A dinosaur skull found in Queensland, Australia has the exciting honor of being dubbed Australia’s first nearly complete sauropod skull.
Research published April 12 in the journal Royal Society Open Science describes the 19.6 inch long skull, and details that the find was from a species Diamantinasaurus matildae (D. matildae). Diamantinasaurus is a member of the group Sauropoda, which also includes the more famous Brachiosaurus and Brontosaurus and are known for small heads, long necks and tails, and barrel-like bodies.
The team on this study said that it is rare to find a sauropod skull at all, especially one so well-preserved. It is only the fourth specimen of D. matildae ever found and the analysis of this first nearly complete skull is helping scientists learn more about the animal’s feeding habits, relationship to other sauropod dinosaurs, and physical anatomy. According to the team, Ann is not only the first sauropod dinosaur found in Australia that includes most of the skull, it also is the first Diamantinasaurus specimen to preserve a back foot.
“In analyzing the remains, we found similarities between the ‘Ann’ skull and the skull of a titanosaur called Sarmientosaurus musacchioi, which lived in South America at about the same time as Diamantinasaurus lived in Queensland. These include details of the braincase, the bones forming the back end of the skull near the jaw joint, and in the shape of the teeth (which are conical and curved),” co-author and Curtin University paleontologist Stephen Poropat said in a statement.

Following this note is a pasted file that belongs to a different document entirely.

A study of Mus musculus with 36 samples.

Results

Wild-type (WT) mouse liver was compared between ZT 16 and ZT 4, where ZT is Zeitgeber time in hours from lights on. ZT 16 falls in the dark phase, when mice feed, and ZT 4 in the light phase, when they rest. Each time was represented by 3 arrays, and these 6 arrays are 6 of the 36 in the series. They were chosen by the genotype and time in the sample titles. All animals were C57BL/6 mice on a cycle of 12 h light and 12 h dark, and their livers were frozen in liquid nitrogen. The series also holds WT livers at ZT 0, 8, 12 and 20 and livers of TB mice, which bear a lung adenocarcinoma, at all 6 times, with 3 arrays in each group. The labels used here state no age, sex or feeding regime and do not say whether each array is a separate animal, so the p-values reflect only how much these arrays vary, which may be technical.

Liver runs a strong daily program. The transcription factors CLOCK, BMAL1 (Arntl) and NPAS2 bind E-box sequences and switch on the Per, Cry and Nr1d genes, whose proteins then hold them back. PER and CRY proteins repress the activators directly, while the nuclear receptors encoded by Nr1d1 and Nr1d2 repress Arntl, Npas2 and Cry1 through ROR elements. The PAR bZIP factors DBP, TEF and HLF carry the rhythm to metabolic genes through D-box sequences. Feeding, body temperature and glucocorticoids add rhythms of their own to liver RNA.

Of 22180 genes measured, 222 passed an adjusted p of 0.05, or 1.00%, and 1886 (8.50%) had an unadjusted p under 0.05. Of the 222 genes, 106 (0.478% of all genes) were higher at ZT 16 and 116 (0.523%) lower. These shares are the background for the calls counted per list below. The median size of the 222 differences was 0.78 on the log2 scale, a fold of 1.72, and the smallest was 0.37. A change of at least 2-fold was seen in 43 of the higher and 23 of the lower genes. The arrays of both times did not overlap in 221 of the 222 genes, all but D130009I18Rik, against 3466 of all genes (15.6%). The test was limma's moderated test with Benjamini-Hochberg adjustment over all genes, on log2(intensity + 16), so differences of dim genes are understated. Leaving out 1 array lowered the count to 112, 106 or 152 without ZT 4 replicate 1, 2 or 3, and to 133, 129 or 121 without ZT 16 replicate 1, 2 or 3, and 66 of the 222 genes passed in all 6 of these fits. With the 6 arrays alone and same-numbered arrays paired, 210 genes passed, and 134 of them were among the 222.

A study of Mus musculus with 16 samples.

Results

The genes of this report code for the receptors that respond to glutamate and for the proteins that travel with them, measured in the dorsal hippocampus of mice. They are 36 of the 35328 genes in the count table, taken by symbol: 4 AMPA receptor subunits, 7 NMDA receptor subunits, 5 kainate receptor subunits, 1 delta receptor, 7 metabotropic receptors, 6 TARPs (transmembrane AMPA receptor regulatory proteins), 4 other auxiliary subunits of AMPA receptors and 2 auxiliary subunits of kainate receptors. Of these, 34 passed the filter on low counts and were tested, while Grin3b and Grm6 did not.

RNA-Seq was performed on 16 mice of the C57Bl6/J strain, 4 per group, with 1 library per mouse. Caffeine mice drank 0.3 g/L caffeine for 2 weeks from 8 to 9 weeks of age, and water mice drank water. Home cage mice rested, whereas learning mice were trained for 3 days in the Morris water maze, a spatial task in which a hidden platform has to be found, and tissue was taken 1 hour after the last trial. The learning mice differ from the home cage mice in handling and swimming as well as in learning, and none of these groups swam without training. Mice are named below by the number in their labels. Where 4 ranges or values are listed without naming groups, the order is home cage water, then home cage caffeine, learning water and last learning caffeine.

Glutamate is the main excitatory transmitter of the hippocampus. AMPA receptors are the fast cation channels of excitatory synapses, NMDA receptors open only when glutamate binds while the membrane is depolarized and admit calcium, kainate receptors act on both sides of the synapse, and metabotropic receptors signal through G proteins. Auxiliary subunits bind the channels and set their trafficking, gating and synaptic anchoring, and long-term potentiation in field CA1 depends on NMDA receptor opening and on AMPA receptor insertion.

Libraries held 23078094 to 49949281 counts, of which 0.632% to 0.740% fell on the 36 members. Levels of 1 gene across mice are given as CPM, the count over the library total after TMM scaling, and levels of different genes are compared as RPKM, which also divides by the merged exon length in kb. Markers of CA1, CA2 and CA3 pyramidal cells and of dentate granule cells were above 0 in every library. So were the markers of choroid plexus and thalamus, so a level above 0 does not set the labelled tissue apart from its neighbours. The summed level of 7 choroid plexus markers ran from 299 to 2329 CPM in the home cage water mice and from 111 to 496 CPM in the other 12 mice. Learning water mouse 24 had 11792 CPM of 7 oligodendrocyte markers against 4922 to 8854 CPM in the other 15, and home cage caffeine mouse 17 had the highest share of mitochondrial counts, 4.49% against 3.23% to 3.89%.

[Related: This dinosaur’s record-breaking neck defies the laws of nature.]
According to Poropat, the findings support earlier theories that suggests sauropods used Antarctica as a pathway between Australia and South America during the mid-Cretaceous period–between 100 and 95 million years ago.
“Warmer conditions that far south might have been favorable for them. The window between 100 and 95 million years ago was one of the warmest in Earth’s geologically recent history, meaning that Antarctica, which was more or less where it is now, had no ice,” Poropat said. “Similarly, Australia, which was much further south than today, was warmer with less seasonality. In that climate, Antarctica was forested, and might have been an attractive habitat or pathway for wandering sauropods.”
The study suggests that Diamantinasaurus was one of the most ‘primitive’ or not as evolved titanosaurs. Learning more about this species of giant dino might explain why they were so successful until the dinosaurs’ mass extinction.